Using scales to see if your two months of exercising has paid off might sound like a simple and logical step but LJMU Professors Thijssen and Green say it’s likely your scales will deliver a disappointing message.
Together with their colleagues from Radboud University Nijmegen (Netherlands), Professors Thijssen and Green compared a large number of studies to get a better understanding of the impact of exercise training on body weight and body composition.
Published in the journal Obesity Reviews, their research found that carrying out two to six months of endurance training causes no or minimal reduction in body weight (0-4 kg). In addition to changes in weight, the researchers also examined changes in visceral fat, which is far more important than body weight in predicting the development of type 2 diabetes or cardiovascular disease.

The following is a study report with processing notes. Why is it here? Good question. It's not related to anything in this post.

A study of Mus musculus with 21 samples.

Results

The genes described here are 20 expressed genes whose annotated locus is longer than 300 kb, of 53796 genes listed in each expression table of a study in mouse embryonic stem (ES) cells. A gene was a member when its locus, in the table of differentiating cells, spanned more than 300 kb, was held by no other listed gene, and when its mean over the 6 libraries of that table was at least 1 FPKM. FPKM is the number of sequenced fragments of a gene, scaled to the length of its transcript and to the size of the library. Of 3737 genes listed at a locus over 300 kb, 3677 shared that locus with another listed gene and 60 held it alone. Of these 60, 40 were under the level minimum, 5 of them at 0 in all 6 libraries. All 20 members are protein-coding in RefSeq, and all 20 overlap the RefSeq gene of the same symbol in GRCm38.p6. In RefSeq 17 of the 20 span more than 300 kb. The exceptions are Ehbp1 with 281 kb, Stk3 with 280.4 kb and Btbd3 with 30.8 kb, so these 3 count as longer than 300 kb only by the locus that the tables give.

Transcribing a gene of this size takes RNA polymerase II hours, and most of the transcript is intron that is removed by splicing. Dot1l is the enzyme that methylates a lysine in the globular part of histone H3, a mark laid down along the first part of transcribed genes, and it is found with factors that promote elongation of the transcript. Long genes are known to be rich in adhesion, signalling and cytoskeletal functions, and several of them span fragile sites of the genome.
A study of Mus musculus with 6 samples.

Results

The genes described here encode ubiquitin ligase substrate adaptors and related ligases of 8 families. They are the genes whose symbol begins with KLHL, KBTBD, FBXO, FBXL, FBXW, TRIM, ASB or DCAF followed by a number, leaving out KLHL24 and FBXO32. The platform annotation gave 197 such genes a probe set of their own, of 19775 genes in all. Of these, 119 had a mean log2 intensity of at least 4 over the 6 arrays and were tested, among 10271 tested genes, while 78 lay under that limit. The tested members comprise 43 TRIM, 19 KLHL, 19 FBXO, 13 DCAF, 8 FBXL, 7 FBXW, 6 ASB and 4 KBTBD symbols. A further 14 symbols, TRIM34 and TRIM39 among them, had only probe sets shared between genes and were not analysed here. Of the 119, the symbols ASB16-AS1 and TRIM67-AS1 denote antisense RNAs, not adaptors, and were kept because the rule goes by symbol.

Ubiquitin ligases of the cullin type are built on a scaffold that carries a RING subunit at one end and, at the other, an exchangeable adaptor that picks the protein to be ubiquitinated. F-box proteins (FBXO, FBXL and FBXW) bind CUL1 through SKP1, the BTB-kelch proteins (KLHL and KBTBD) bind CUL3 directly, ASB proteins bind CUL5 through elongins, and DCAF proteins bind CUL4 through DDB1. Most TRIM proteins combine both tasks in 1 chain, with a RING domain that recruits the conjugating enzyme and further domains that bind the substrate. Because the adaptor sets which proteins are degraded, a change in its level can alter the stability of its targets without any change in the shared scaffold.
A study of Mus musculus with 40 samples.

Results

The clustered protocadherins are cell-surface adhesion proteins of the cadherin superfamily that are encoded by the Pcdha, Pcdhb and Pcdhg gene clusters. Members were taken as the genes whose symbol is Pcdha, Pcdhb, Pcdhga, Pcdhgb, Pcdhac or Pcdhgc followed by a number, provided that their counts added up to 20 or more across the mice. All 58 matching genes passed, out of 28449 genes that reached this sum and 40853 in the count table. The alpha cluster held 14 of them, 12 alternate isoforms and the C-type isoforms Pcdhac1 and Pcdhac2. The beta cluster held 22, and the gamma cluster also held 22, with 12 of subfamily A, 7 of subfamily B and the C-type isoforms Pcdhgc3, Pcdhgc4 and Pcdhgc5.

They found that, after two to six months of endurance training, visceral fat was markedly reduced. In the absence of a change in body weight, a 6% reduction was found in visceral fat. Moreover, every 1% reduction in body weight was associated with a 3% reduction in visceral fat.
Professor Thijssen commented: “These results clearly demonstrate that the powerful effect of exercise training on your body composition cannot be detected by your weighing scale. Don’t let your weighing scale mislead you, especially when exercise training caused you to be fitter, resulted in a better fit in your old jeans and markedly improved your health risks.”
The full paper, entitled ‘A systematic review and meta-analysis on the effects of exercise training versus hypocaloric diet: distinct effects on body weight and visceral adipose tissue’ is available to read online.
The story received national coverage in the Daily Mail and the Mail Online.